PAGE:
First generation Pine Needle Scale (Chionaspis pinifoliae) crawlers (1st instar nymphs) are now appearing on conifers in southwest Ohio. This is a type of "armored" scale so-named because of the hard, waxy cover (test) that protects the females. The egg-shaped pine needle scale tests are snow white with a small yellowish-tan spot at the small end.
Armored scales insert their long piercing-sucking mouthparts into plant tissue to slurp-up the contents of ruptured plant cells. This is unlike so-called "soft scales" that insert their mouthparts into phloem vessels to suck-up large quantities of sugary sap. Soft scales must rid themselves of excess sugar water by exuding "honeydew" which commonly becomes colonized by black sooty molds. Armored scales do not produce honeydew, so infested trees do not become blackened with sooty mold.
Pine needle scale may infest a wide range of conifers including pines such as Scotch and mugo; spruces; Douglas-fir; and eastern red cedar. Heavily infested trees look like they've been pre-flocked for Christmas.
As with all armored scales, pine needles scale 1st instar nymphs are the only mobile stage in this sucking insect's life-cycle; thus, the name "crawler." It is also the stage that is most susceptible to insecticide applications. The tiny, dot-like pine needle scale crawlers are dark pinkish-red to rusty-red. Once the crawlers settle to feed, they turn tannish brown. A 10x hand lens is helpful with detecting and monitoring the scale crawlers.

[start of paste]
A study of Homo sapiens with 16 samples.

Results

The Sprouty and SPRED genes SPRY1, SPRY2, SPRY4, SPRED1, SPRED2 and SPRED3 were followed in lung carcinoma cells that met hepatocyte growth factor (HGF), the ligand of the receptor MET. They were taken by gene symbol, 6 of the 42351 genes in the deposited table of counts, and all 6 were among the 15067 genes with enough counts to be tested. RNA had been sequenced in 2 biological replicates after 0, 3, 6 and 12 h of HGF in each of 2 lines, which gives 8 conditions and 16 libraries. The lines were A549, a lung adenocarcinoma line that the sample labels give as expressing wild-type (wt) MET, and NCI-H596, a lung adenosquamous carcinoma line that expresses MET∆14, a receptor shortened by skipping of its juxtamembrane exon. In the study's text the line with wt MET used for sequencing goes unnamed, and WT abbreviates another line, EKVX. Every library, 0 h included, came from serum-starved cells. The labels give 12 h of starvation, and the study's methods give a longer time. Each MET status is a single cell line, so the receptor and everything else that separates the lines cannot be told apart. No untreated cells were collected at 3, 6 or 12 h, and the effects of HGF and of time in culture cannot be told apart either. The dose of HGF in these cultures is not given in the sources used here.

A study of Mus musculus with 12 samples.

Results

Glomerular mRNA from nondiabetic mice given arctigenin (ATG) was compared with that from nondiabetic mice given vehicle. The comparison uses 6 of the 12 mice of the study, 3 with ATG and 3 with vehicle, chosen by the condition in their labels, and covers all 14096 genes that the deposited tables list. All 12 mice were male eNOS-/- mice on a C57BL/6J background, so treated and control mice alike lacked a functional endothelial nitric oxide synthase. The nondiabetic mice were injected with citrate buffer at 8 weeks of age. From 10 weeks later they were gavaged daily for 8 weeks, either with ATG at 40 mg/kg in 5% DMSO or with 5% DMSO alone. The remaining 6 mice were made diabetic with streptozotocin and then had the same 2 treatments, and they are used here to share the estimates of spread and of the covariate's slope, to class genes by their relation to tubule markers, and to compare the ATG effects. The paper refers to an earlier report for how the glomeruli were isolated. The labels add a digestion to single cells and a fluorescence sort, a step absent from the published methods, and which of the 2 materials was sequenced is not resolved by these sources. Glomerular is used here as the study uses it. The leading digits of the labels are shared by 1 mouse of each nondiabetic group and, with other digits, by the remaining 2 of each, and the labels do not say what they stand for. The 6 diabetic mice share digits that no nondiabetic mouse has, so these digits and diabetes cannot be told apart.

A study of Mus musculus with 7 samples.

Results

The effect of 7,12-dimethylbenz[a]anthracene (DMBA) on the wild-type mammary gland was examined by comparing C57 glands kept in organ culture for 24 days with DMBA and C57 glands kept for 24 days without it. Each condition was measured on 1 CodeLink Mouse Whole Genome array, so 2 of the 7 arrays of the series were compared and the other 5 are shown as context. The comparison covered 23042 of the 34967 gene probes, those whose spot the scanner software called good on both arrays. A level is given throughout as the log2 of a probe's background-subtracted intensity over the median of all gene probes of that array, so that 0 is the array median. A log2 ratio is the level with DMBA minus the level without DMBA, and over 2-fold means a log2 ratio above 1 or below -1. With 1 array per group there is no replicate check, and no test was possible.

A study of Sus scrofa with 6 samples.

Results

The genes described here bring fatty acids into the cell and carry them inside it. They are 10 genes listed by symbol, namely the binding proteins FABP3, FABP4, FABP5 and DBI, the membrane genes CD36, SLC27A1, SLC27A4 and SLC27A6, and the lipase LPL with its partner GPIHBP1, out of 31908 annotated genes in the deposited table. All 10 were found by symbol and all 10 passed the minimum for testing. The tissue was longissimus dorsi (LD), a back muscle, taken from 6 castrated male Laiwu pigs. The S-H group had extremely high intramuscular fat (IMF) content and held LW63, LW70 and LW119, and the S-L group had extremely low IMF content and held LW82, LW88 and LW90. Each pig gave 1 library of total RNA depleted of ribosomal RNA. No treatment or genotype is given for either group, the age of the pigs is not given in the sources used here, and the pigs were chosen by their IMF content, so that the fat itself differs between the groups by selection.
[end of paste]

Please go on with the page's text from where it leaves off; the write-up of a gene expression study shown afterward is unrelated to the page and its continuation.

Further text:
Pine needle scale has two generations per season; we are commencing the "spring generation." The "summer generation" typically appears sometime in late-June to mid-July in Ohio. Obviously, targeting the first generation crawlers will have a significant impact on reducing the overall infestation by preventing the population contribution by the second generation. Also, first generation eggs typically hatch over a relatively short period of time meaning crawlers may be significantly reduced with a single insecticide application. Second generation eggs hatch over a prolonged period of time often requiring multiple applications depending on the residual activity of the insecticide product.
Effective products include many standard insecticides labeled to control armored scales on the infested conifer species. The downside is that these products may also kill bio-allies such as lady beetles and other scale predators. Insecticidal soaps and horticultural oils are also effective and will spare the beneficial insects. The downside is that both will only kill on contact meaning that thorough coverage is required since there is no residual activity. This also means pine needle scale crawlers should be closely monitored in case an extended egg hatch occurs and new crawlers escape the first application.